United Mutual of Omaha Life Insurance Company has a marketing emphasis on smaller, lower premium policies.
Those policies are described by United of Omaha Life Insurance Company as:
“A Whole Life Guaranteed policy from United of Omaha Life Insurance Company (United of Omaha) helps ensure that your family may be supported in the future.An insurance policy from United Mutual of Omaha Life Insurance Company helps provide financial protection to those who depend on your assistance every day. Benefit payouts can help fund costs such as daily expenses, unforseen accidents, and education funds.
A Whole Life Guaranteed insurance policy offers: Up to $25,000 in coverage, Guaranteed coverage for those aged 45-85, No medical exam or health questions, No decrease in benefits or increase in premiums, Builds cash value to borrow against, A Whole Life Guaranteed policy also includes a graded death benefit. If death occurs from natural causes (not accidental) during the policy’s first two years, the beneficiary will receive all premiums you paid plus 20 percent. Once the two year period ends, the beneficiary will receive the policy’s full benefit.”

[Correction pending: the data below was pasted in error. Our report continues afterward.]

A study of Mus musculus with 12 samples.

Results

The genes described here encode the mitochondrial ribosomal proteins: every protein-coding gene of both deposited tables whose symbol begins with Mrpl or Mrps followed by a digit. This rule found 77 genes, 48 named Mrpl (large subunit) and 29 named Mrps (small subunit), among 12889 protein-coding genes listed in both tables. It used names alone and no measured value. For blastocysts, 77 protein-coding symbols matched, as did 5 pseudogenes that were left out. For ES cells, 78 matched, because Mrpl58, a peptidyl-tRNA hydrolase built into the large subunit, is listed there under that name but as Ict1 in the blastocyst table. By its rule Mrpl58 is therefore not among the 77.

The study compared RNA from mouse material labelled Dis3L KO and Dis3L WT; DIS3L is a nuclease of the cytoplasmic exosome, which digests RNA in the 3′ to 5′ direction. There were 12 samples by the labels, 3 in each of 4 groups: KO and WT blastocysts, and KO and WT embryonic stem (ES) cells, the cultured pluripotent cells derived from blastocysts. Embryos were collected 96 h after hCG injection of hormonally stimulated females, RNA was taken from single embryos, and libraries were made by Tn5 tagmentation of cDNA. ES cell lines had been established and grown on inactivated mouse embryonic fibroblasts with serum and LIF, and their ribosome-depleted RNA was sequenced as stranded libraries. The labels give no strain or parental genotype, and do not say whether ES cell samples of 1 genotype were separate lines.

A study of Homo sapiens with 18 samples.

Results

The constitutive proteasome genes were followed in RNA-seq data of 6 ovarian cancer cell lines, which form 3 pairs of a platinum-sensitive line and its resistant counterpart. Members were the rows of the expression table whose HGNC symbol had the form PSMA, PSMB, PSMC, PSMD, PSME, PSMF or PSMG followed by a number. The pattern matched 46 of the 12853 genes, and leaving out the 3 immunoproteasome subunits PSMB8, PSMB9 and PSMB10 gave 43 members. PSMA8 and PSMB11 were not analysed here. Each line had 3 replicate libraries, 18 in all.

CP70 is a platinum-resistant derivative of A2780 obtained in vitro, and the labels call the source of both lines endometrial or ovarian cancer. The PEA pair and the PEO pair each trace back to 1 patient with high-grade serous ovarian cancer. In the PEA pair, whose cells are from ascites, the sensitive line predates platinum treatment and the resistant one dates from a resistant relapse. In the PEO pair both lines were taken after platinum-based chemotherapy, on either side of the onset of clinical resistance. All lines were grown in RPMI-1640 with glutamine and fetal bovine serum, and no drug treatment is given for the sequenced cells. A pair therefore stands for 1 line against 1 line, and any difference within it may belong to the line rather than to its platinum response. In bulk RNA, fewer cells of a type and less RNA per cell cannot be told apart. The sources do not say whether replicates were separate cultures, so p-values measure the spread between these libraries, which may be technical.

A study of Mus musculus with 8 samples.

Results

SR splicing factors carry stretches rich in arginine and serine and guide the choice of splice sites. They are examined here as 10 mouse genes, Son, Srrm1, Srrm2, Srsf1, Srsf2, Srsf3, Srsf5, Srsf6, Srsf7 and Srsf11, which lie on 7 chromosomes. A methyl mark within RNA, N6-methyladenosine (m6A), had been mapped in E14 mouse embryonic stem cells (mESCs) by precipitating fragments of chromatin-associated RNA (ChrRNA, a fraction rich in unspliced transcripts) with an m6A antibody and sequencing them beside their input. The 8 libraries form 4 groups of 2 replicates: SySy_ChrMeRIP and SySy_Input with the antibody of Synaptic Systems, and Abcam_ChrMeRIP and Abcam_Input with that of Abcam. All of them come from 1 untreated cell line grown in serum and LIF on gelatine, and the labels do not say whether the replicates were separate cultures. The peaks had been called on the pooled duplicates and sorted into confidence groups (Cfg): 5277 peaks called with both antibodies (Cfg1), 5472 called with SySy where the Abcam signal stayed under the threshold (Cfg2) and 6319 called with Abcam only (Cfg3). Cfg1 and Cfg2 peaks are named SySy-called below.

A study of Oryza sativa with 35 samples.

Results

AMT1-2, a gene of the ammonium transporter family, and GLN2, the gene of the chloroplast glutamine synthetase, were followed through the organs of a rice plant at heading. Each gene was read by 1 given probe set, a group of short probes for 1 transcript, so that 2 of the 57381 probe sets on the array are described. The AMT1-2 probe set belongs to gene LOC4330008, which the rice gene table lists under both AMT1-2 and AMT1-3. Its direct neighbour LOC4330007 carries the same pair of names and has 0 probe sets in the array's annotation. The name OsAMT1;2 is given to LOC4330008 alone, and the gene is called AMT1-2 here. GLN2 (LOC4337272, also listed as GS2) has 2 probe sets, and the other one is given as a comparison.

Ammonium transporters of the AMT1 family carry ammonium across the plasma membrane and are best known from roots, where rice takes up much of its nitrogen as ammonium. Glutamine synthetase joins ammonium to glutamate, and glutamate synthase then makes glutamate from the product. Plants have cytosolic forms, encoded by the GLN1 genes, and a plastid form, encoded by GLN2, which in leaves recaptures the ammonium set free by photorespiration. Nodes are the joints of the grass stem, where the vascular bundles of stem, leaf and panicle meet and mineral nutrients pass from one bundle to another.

Are You a Beneficiary in a Mutual of Omaha Life Insurance Company Claim?
This is a new, more aggressive sales move of life insurance company – as no longer does Mutual of Omaha even want to just have the rescission laws on its side. Under those laws, in California, the insurance company that seeks to rescind a policy needs to affirmatively bear the burden of finding material evidence to justify its actions. Instead of following that law, Mutual of Omaha seeks to eliminate the insurance in the first two years of the policy. By writing a life insurance policy that does not provide any life insurance coverage in the first two years, the policy is, in our opinion, inherently misleading, and not an insurance policy at all.
Mutual of Omaha Sells Life Insurance, Then Claims it isn’t Life Insurance for the First Two Years.
Even Wikipedia features a section of the numerous verdicts against Mutual of Omaha for bad faith, unfair dealing, breach of contract, and claims denials.